Every Friday, Cienna Madrid offers solutions to life’s most vexing literary problems. Do you need a book recommendation to send your worst cousin on her birthday? Is it okay to read erotica on public transit? Cienna can help. Send your questions to email@example.com.
I know this is an advice column, not a gossip column, so I’ll keep this very vague. I’ve recently heard some (very credentialed) rumors that a prominent writer — you’d know their name — no longer writes their own work anymore. Instead, they secretly employ a ghost writer.
What’s surprising to me is how shocked and betrayed I felt when I found out, though in retrospect it makes total sense: their writing has gotten more and more formulaic over the years.
Do I have any ethical responsibility to other readers of this person’s work? Many of them, after all, would likely share the same feelings of disappointment and betrayal that I felt. Should I alert the writer somehow that I’ve heard this gossip? Or should I just wait for the rumor mills to eventually do their work? If I’ve heard it, the news is probably everywhere already.
Would it shock and disappoint you to know that I occasionally cede control of this very column to a literate prepper named White Kevin so I can spend more time concentrating on my latest passion: becoming a Scott Pruitt impersonator?
I've had to beef up my sense of unearned entitlement and get some scalp work done – and convert my home from electricity to energy-efficient oil lamps and trash fires – but he and I both are naturally gifted with weak goblin chins and beady eyes that sink into our faces like twin pissholes in the sand, and the market for Scott Pruitt impersonators is pretty niche, so I feel like I have a real shot at fame. At the very least, I'll be popular at auto conventions, polar bear funerals, and whatever the opposite of Earth Day is.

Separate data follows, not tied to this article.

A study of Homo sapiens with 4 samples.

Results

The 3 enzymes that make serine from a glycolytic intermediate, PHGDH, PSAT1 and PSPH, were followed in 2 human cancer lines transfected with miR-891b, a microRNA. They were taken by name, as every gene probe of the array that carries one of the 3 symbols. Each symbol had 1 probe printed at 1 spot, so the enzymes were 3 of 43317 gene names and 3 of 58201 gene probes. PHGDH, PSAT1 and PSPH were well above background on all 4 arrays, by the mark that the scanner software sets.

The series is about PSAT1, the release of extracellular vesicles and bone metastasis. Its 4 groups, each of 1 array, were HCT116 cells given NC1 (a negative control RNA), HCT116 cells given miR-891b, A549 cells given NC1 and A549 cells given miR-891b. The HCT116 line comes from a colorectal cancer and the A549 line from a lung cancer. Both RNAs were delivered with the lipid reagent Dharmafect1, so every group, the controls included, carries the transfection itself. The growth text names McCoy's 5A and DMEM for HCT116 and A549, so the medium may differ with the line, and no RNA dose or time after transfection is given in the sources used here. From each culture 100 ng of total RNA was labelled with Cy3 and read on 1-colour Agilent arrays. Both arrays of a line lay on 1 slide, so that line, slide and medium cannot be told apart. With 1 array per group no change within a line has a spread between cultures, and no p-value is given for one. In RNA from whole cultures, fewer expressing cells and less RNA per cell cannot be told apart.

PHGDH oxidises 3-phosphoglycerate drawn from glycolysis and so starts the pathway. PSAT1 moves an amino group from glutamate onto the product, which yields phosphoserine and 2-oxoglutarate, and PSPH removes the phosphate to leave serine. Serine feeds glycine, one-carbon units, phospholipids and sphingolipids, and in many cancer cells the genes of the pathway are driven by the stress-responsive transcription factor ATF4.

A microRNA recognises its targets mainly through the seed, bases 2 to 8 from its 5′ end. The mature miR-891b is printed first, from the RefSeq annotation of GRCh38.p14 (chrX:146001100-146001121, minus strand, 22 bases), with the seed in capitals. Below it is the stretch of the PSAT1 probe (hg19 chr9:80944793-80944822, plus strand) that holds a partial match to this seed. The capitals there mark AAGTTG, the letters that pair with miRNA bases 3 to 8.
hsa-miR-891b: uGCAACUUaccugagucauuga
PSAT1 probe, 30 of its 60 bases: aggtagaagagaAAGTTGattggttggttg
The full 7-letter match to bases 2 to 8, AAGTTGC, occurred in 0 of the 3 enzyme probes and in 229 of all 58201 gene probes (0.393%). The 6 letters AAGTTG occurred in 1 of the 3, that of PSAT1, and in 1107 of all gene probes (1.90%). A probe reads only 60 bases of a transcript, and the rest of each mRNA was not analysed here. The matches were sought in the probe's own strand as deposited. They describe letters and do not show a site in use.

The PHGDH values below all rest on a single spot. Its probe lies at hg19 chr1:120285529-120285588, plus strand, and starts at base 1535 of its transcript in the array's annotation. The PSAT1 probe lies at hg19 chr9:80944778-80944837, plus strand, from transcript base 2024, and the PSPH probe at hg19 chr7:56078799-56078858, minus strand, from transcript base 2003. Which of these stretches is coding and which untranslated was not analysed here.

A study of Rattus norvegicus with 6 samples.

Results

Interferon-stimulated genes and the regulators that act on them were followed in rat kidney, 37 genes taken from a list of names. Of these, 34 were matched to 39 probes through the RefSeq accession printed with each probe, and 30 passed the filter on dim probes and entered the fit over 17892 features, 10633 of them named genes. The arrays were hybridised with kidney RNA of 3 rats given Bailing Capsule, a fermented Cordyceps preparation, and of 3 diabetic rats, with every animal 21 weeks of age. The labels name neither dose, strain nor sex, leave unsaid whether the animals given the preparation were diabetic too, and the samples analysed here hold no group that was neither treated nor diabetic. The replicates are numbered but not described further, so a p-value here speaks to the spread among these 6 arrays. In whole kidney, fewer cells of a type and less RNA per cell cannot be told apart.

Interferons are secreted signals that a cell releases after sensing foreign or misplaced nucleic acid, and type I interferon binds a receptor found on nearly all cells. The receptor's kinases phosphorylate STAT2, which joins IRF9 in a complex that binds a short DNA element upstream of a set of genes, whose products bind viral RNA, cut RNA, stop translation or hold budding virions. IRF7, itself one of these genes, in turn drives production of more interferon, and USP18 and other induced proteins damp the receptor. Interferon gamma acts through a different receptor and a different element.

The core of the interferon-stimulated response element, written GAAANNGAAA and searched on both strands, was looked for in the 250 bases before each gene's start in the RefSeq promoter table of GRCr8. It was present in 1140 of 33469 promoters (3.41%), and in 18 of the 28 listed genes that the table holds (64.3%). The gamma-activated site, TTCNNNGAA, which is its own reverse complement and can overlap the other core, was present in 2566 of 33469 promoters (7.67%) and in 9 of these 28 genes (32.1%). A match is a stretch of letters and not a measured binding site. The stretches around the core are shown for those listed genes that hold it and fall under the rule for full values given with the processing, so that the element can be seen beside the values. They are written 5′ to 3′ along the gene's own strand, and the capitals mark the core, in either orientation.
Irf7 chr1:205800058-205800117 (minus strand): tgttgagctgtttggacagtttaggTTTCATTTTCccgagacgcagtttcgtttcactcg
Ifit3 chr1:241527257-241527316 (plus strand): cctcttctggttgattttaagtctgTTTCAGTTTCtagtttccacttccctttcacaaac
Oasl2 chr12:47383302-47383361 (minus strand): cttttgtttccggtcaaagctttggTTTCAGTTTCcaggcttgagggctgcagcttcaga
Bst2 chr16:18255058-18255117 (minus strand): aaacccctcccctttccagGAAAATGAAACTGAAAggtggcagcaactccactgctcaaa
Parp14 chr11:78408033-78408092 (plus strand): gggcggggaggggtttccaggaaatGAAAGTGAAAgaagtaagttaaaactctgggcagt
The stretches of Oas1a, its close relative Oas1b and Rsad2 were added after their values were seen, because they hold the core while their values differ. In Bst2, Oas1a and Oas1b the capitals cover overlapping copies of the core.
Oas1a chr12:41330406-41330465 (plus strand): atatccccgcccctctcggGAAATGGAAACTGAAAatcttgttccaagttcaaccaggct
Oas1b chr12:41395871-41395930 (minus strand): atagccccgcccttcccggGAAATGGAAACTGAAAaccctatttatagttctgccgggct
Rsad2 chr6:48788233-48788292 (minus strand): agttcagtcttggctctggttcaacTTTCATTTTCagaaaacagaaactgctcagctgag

I hope my confession won't alter your enjoyment of this column, which has always strived to offer sound advice from an untrustworthy source. Similarly, in this case I think you should take a deep breath and as Scott Pruitt would say, "don't let your opinions get derailed by the facts."
Regardless of who's actually behind the pen (or keyboard), you enjoyed this author's work, correct? There is nothing stopping you from continuing to enjoy it. Purists like yourself could argue that signing your name to someone else's work is unethical, but where do you draw that line? Put another way, where would Raymond Carver be without a brutally sparse editor?
And as much as I hate using the "F" word, the fact is the author is not plagiarizing – if they hire a ghostwriter, that individual is an employee who is being compensated for their work.
To employ another Pruittism, "it shouldn't matter how the oil is fracked, it's how you use it to cook the earth that counts."